Monday, August 2, 2010

"Interesting project" - owasp-esapi-js

Just to keep in touch with some security topics, I have downloaded latest code of OWASP ESAPi for Java
and JavaScript today.
I'm bloging about the JavaScript part today.

This is the quote from original site (if you do not know OWASp and/or ESAPI:
The purpose of the ESAPI is to provide a simple interface that provides all the security functions a developer is likely to need in a clear, consistent, and easy to use way. The ESAPI architecture is very simple, just a collection of classes that encapsulate the key security operations most applications need.

Just the first look is shocking:

the esapi.js
does not use closure to hide it's internal functions,
pulutes global space,
modifies Array and String prototypes,
uses bad uncompressable techniques,
unefficient constructs,
and ...
is "unsecure" and "destructive".

Unsecure can be shown here:

if (!Array.prototype.each) {
Array.prototype.each = function(fIterator) {
if (typeof fIterator != 'function') {
throw 'Illegal Argument for Array.each';

for (var i = 0; i < this.length; i ++) {

What is the purpose of the if here ? If already defined, use the defined function
override otherwise. Defined by who ?

Browser ? As far as I hnow, none JavaScript version supports Array.prototype.each
(there si forEach in JS 1.6)
Other library ? How trusted ?
Or injected poisoned version of XSSed script ?

This method and others constructed in the same style are then used in subsequent
"security APIs".

Destructive means:

var $type = function( oVar, oType ) {
if ( !oVar instanceof oType ) {
throw new SyntaxError();

In global scope of course.

Those two are ultimately candidates for criticism, specially in "security related library".

The rest of the code which is not big (3000 lines including spaces and comments),
shows quite inconsistent coding style,
and lack of professional Java Script knowledge.

So much for now, I will have deeper look later,
but I'm not impressed.

"Shame of OWASP label"


  1. First, thanks for taking a look at the project. The more eyes we have on it the better it will be when it is finished!

    I am the project owner of the ESAPI4JS project, and as such wanted to make sure that the air is clear and that the status of the project was not misunderstood.

    This project is *far* from release quality at this point - the code that is checked in now, is merely a working prototype of the library. I originally would have thought this as a given with the version of 0.1.3 but perhaps I was wrong in that assumption, so I apologize for any misconception that this code was ready to be used in a production application.

    Second, while wrapping functions in closures provides the illusion of security in Javascript by limiting the scope of the executing code, I would also like to point out that at this point, it really doesn't matter what scope the code lives in, it is inherently insecure as in javascript everything ultimately has to bubble up to the global scope at some point to be accessible to the rest of the code. Originally, the concept was to expose on the ESAPI locator in the global scope and privatize the rest of the code with references only available to private members of the locator itself. However, even at that point any implication of security is still nothing more than an illusion due to the fact that as soon as something is exposed in the global scope, anything else can modify it or it's references.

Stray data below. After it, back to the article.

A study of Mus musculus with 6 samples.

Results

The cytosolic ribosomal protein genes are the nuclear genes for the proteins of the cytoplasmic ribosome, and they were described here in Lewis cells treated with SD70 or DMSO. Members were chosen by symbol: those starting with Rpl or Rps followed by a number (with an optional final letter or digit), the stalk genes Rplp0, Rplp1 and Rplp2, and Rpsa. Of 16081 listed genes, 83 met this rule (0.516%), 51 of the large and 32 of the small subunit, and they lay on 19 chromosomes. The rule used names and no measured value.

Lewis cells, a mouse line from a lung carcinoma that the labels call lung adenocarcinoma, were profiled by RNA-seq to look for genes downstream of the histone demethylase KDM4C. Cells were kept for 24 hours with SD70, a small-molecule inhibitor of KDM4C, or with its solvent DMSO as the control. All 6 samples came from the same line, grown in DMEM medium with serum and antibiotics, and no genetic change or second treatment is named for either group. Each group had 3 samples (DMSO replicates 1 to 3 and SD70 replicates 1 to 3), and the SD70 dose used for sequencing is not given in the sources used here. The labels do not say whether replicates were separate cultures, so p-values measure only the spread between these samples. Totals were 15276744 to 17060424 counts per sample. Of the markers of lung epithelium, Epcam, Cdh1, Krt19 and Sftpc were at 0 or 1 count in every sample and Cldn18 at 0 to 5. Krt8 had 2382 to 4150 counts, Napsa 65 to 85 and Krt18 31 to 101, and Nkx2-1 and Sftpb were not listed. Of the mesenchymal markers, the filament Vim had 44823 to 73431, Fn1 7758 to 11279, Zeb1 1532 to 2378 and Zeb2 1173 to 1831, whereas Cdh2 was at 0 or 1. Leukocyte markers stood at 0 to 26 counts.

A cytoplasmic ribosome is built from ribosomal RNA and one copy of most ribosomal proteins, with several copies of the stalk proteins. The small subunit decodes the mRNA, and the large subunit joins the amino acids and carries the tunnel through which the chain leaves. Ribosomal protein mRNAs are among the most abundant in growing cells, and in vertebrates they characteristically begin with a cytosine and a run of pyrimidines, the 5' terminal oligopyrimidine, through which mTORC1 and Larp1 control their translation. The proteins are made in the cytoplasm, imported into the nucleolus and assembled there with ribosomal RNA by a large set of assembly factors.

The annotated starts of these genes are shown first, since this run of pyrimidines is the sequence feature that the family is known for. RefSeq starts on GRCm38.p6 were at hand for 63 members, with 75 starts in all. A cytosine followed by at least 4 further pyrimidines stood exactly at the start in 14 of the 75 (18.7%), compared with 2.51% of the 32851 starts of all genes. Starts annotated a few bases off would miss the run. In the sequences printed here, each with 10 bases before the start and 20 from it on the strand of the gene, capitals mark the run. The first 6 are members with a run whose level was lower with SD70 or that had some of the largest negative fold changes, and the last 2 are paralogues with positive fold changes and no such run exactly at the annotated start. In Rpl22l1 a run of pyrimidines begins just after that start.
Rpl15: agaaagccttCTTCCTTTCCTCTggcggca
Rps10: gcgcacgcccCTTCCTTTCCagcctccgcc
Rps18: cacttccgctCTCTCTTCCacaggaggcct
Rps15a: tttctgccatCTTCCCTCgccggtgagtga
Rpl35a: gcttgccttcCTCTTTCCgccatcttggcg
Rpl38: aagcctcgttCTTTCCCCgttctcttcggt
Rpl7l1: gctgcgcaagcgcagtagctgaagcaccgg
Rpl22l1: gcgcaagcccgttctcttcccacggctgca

That being said, I have toyed around with the idea of sandboxing, however I think that it is also important that the footprint of ESAPI be as small as possible to accomplish it's goals.

    I have been engaged with the ECMA 5 community and with the firefox team in the implementation of the Object.lock/unlock prototypes, as I feel that this is an imperative step in truly creating a useful javascript security API.

    All that being said - I would love the opportunity to chat with you about ideas you may have to make the library better or more useful - and if you have cycles to spare, it sounds like you definately have a lot to contribute to the project as a whole.

    Also - for the record I am a professional Software Engineer - I write primarily in Java and do quite a bit of JavaScript, HTML, and CSS. It is not a lack of knowledge that you see, moreso a desire to get a prototype out quickly to demonstrate the potential usefulness of such a library.

    Feel free to contact me personally at chrisisbeef (at) gmail (dot) com - or join the ESAPI-Developers and ESAPI-Users mailing lists. Without criticism, progress can't be made - and there are definately a lot of us looking to make ESAPI better for every language.

  2. "closures provides the illusion of security": nice sentence, but properly using closures, aliasing functions and using other techniques minimizes the possible "attack or demage-by-mistake surface" as well as helps to write "unobtrusive" code not interfering with others (at least).

    Could you explain what you mean by "sandboxing" and "footprint" and how sandboxing can influence footprint ?

    I believe you are employed as SW Engineer but sorry no offence it still makes no guarantee of
    "professional Java Script knowledge". Those two are unrelated topics,
    I'm professional JavaScript and Java coder and
    I have far from professional JS knowledge.
    there are other geeks on web, I try to learn from.

    I will send you by email very brief suggestions, that could make the first step to improve things.

    I also hope we can attract more JS people, with this small chat, and in several years I will be able to download and use owasp labeled code and benefit from it.